Project 1: Hypoxia and Metabolic Dysregulation as a Targetable Barrier to Immunotherapy in HNSCC

Project Co-Leaders:

Greg M. Delgoffe, PhD (Basic Co-Leader)
Dan P. Zandberg, MD (Clinical Co-Leader)

This SPORE project is a continuation of Project 1 from the previous cycle of the SPORE grant, which evolved from a successful Developmental Research Program project. It is testing the hypothesis that tumor hypoxia represses T cell function in HNSCC and that the mechanism leading to this repression includes targetable markers of anti-PD-1 resistance. The project builds on published data showing that the metabolic landscape of the tumor microenvironment (TME) has a profound effect on patient response to checkpoint blockade immunotherapy and that inhibitors of oxidative phosphorylation can reduce hypoxia and improve anti-PD-1 responses in animal models. The three aims of Project 1 are shown in the accompanying schematic.

Schematic of 3 aims

This project will leverage biospecimens and computed tomography (CT) images made available by the Tissue/Pathology/Imaging Core and include two investigator-initiated trials conducted in patients with recurrent or metastatic HNSCC who are either naïve to anti-PD-1 immunotherapy (NCT04114136) or have progressed while receiving anti-PD-1 immunotherapy (NCT04326257). The trial in immunotherapy naïve patients is determining the effects of combining anti-PD-1 monotherapy with metabolism-altering drugs used to treat type 2 diabetes. It is comparing anti-PD-1 monotherapy with nivolumab to nivolumab + metformin and to nivolumab + rosiglitazone. The trial in anti-PD-1 resistant patients is determining whether addition of a second immunotherapy agent, which targets a different inhibitory receptor, can overcome innate or acquired anti-PD1 resistance. It is comparing the combination of nivolumab plus ipilimumab (anti-CTLA-4 agent) to nivolumab plus relatlimab (anti-LAG-3 agent).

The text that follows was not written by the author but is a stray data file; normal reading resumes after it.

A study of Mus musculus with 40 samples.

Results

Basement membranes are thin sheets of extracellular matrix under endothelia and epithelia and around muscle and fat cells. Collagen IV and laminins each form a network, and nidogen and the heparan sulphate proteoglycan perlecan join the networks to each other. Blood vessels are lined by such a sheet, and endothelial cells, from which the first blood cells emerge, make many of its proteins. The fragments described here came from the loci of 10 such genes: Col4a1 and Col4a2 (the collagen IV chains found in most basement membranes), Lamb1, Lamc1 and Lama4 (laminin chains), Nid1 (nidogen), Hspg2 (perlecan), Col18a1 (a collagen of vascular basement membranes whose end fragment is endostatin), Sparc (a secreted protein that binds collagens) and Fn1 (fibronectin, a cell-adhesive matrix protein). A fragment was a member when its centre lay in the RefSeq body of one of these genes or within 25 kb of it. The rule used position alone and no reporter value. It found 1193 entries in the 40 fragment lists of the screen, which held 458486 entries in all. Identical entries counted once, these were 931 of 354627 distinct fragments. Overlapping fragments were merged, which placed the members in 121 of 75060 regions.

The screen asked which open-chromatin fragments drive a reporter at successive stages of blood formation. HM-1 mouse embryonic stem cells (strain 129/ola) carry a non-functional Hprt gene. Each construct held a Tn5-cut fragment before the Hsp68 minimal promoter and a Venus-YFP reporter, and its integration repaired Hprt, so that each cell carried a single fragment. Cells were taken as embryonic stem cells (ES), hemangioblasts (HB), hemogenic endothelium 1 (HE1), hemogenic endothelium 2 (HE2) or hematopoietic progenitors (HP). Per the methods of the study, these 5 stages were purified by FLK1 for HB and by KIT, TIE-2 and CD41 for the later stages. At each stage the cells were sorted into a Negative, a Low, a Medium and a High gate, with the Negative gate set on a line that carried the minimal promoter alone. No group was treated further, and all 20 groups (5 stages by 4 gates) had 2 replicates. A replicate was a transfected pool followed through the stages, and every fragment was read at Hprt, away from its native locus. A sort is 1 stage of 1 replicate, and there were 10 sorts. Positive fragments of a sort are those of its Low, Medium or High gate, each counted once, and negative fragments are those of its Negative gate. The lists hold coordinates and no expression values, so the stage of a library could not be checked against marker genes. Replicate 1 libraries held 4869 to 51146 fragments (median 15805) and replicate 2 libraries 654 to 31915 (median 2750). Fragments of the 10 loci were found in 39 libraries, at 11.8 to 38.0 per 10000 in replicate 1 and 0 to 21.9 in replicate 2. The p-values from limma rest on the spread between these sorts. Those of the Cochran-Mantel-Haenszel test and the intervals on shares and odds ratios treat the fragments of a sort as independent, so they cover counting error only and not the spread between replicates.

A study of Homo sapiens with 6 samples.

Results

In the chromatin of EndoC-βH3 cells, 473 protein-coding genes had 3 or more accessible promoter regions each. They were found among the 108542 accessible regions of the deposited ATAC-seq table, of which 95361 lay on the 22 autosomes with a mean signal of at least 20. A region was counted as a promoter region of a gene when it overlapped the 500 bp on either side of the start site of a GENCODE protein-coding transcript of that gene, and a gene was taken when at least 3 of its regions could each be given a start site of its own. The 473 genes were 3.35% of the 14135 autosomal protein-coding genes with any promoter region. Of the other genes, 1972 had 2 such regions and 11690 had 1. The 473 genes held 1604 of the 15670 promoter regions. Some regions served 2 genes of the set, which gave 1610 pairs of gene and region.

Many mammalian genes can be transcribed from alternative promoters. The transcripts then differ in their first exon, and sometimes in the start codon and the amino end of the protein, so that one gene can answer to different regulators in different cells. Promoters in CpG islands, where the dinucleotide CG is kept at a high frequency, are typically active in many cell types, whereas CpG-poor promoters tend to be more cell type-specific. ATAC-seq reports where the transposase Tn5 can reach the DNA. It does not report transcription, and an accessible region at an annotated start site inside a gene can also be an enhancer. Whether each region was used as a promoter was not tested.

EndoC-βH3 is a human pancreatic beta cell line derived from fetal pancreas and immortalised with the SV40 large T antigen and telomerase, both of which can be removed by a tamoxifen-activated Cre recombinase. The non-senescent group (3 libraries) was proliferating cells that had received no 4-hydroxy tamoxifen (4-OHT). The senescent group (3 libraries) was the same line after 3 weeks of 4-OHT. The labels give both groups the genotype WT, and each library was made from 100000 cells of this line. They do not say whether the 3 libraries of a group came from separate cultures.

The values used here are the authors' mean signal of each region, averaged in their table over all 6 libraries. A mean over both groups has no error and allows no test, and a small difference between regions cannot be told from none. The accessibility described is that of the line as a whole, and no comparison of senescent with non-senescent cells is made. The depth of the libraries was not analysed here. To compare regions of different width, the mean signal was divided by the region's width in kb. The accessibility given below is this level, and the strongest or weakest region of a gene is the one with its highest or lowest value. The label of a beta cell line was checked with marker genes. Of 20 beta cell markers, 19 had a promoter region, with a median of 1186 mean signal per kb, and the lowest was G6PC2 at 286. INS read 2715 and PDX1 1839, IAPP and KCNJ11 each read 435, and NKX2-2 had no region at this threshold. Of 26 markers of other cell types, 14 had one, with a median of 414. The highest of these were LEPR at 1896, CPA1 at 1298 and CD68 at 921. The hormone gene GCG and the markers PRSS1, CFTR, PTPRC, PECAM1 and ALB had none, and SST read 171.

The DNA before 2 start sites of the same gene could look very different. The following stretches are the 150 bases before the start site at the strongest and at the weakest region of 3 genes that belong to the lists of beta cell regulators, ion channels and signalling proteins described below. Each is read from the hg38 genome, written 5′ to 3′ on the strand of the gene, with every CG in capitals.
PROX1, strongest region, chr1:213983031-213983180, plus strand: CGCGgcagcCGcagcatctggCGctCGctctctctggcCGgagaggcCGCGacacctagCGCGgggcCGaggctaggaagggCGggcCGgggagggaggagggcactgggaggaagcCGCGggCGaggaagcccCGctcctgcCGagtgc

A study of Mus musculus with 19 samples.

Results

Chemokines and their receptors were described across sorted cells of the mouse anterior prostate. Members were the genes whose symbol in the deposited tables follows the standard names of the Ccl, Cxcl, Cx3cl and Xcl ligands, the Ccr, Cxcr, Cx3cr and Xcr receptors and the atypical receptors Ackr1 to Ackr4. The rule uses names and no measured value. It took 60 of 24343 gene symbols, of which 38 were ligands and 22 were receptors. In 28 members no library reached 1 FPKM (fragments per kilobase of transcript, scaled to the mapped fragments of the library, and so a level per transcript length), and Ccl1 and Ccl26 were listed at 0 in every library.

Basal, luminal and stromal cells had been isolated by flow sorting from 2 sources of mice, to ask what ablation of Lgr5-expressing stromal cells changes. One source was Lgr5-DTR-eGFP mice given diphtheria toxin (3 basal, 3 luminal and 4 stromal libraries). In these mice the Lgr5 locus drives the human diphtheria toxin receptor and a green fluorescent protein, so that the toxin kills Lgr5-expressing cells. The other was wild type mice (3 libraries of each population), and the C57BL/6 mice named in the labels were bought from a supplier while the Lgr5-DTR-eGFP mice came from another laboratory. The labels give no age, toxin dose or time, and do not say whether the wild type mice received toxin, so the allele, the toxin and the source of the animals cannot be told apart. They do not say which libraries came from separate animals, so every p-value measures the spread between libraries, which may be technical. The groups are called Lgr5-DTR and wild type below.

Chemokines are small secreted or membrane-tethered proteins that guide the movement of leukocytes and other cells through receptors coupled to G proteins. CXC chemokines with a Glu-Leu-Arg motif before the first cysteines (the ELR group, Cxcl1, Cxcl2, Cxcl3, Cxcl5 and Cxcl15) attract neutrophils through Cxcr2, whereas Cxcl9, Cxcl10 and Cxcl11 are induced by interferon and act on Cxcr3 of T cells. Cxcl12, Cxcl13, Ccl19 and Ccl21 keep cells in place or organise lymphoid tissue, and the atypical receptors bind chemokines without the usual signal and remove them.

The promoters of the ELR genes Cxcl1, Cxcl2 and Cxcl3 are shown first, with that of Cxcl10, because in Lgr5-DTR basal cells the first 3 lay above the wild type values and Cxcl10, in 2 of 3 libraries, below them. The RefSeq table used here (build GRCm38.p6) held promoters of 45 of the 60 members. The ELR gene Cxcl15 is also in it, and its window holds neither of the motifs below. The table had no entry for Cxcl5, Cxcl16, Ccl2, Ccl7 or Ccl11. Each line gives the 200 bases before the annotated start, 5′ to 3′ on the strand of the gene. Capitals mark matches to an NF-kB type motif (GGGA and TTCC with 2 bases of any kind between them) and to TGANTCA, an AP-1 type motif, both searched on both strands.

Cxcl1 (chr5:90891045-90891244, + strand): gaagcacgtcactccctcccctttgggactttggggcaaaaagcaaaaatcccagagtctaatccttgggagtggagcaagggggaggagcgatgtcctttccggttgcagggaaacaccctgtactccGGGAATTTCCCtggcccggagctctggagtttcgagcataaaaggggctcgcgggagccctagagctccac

The preclinical and translational studies of Project 1 have been designed to answer the following questions pertaining to anti-PD1 immunotherapy resistance:

  1. What is the relationship between anti-PD-1 resistance, tumor metabolism, and hypoxia in HNSCC?
  2. Does hypoxia promote resistance to combinatorial immunotherapy in HNSCC?
  3. Can metabolically targeted therapy be combined with immunotherapy to overcome anti-PD1 resistance in HNSCC?

Successful completion of Project 1 will provide a predictive biomarker for assessing whether a patient is resistant to anti-PD-1 immunotherapy, which is now standard of care for advanced HNSCC, and may lead to larger clinical trials of combinatorial therapy.